Tramore: My Laptop
“OVER seventies should cocoon,” declared Doctor Taoiseach. “Cocooning,” advises the HSE “is for people who are over 70 years of age – even if you’re fit and well.”
I never liked Leo’s invention and I wondered how many spin doctors it had taken to sugarcoat the unpalatable. It struck me as ageist and I’m pretty sure that the term is going to hang around like a virus for a long time after Corona has departed. Millennials will just love the term and will use it to hammer older people for all new-found grievances. Why wouldn’t they? They’ve already got plenty of practice with old grudges.
Cuckooners take up too much room, really. Just like the cuckoo in another bird’s nest. I mean, they live in houses that are far too big for them and they should really just shag off to some small apartment on the edge of town far away from all the connections they’ve managed to build up over a lifetime. And since they’re not encouraged to leave their homes, what difference could it possibly make? Sure they’d be happy out.
‘Let’s face it: walking around the house is about as entertaining as walking the Quay with a traffic warden during the Christmas sales.’
And speaking of the “over seventies shouldn’t leave their homes” mantra, isn’t it odd that what everyone took to be law was, in fact, not the case at all. It was just “advice”. No more than that. Concern from on high. Just well-intentioned authority looking out for a generation that seems to have managed that pretty well so far, thank you very much. It’s a pity that the same concern wasn’t exercised earlier in nursing homes.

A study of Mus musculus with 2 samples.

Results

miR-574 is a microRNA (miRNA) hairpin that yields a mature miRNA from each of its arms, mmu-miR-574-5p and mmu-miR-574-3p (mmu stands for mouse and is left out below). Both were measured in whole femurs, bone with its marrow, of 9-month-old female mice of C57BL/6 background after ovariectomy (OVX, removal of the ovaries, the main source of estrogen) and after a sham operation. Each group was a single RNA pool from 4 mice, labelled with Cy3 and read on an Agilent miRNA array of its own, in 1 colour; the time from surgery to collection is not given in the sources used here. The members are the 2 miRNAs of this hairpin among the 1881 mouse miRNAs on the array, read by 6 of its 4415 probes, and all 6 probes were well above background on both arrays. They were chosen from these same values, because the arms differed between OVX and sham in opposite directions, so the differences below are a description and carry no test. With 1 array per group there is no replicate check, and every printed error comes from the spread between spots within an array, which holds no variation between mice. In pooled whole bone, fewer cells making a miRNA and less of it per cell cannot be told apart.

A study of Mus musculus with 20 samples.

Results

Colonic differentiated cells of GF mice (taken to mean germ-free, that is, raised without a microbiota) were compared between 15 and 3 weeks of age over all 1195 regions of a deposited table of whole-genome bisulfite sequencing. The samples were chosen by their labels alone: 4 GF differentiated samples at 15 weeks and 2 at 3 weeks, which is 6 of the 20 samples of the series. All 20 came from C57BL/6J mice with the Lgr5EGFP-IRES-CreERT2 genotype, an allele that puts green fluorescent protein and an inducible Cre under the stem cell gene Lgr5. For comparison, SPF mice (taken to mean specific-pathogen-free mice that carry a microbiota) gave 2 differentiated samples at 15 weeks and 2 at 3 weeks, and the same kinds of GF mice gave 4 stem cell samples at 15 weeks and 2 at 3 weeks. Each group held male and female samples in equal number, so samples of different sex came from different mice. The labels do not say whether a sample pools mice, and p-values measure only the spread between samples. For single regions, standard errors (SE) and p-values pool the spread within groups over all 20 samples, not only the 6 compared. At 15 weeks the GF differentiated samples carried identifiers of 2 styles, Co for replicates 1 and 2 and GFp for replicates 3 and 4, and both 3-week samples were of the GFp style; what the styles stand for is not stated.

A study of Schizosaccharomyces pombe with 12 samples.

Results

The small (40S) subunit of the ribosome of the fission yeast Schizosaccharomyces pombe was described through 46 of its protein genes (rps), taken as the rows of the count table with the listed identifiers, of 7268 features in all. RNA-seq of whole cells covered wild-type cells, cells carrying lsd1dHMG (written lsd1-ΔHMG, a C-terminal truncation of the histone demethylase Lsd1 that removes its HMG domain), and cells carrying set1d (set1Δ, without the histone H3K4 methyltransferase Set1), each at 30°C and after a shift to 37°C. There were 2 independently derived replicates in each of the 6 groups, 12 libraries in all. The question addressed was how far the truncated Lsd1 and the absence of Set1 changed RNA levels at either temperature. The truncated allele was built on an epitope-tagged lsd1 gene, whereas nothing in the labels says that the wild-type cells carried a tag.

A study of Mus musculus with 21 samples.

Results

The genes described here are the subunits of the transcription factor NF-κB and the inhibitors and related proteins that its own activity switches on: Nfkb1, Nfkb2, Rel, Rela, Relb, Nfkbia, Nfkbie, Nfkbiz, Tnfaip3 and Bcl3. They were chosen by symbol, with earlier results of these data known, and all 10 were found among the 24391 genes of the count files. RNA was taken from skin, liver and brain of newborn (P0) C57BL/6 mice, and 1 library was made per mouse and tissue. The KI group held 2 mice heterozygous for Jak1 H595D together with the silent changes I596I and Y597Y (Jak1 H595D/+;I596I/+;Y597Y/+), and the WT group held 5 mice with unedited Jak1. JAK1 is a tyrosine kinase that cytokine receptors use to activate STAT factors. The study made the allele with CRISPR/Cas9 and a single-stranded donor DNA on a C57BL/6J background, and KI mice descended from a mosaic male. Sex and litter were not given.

Social media has gone mad. Nothing energises people like power. Especially the power to tell others what to do with their lives. It is a curious fact of life that, very often, it is the people with the most ridiculous ideas who are most certain of them. Just look at the alarmist posts on Facebook. Apparently, “Tramore’s Aldi was full of Dublin people at Easter”. Facebonkers even came to take pictures of a crowded Tramore Prom to warn others of a crowded Tramore Prom. Yes, really. Faceless and largely anonymous eyes tweeted anonymous rumours that people were even seen out walking who were not two metres apart. And… OMG… who were not under seventy? Herd immunity has morphed into heard impunity!
I have friends who are over seventy who could walk the length and breadth of Ireland who are now almost apologising for their presence on country roads that are within 2km of their homes. And they miss their friends and their daily walk. After all, we’re all social animals that need the sound of another person’s voice, the touch of another person’s hand. Let’s face it: walking around the house is about as entertaining as walking the Quay with a traffic warden during the Christmas sales.
As walkers go, I have to admit to being a reluctant soldier who believes that running late counts as exercise. Nevertheless, imagine the fall out if the overweight, the unfit and politicians seeking travel expenses were told to remain indoors indefinitely? Now there’s a thought.
There are upsides. Health staff are finally getting the appreciation they deserve. Strangers are generally friendlier and exchange pleasantries. People ask, “are you well?” “Escape to the Country” has suddenly become more believable and I’m even willing to buy into the possibility that someone currently living in the middle of London could, somehow or other, be happy living in the middle of nowhere at the top of the Yorkshire Moors in a freezing cold house built six hundred years ago that is largely inaccessible in the winter. But, with OMG exposed beams, of course.
Gardens were never better tended, houses were never cleaner or better painted, attics were never as empty and families were never more together. That’s if they haven’t killed each other over what to watch on Netflix. Father Brown is my bestie. BFF.
Stay safe everyone. It can’t last forever. Although it certainly feels like it for the over 70s cuckooners.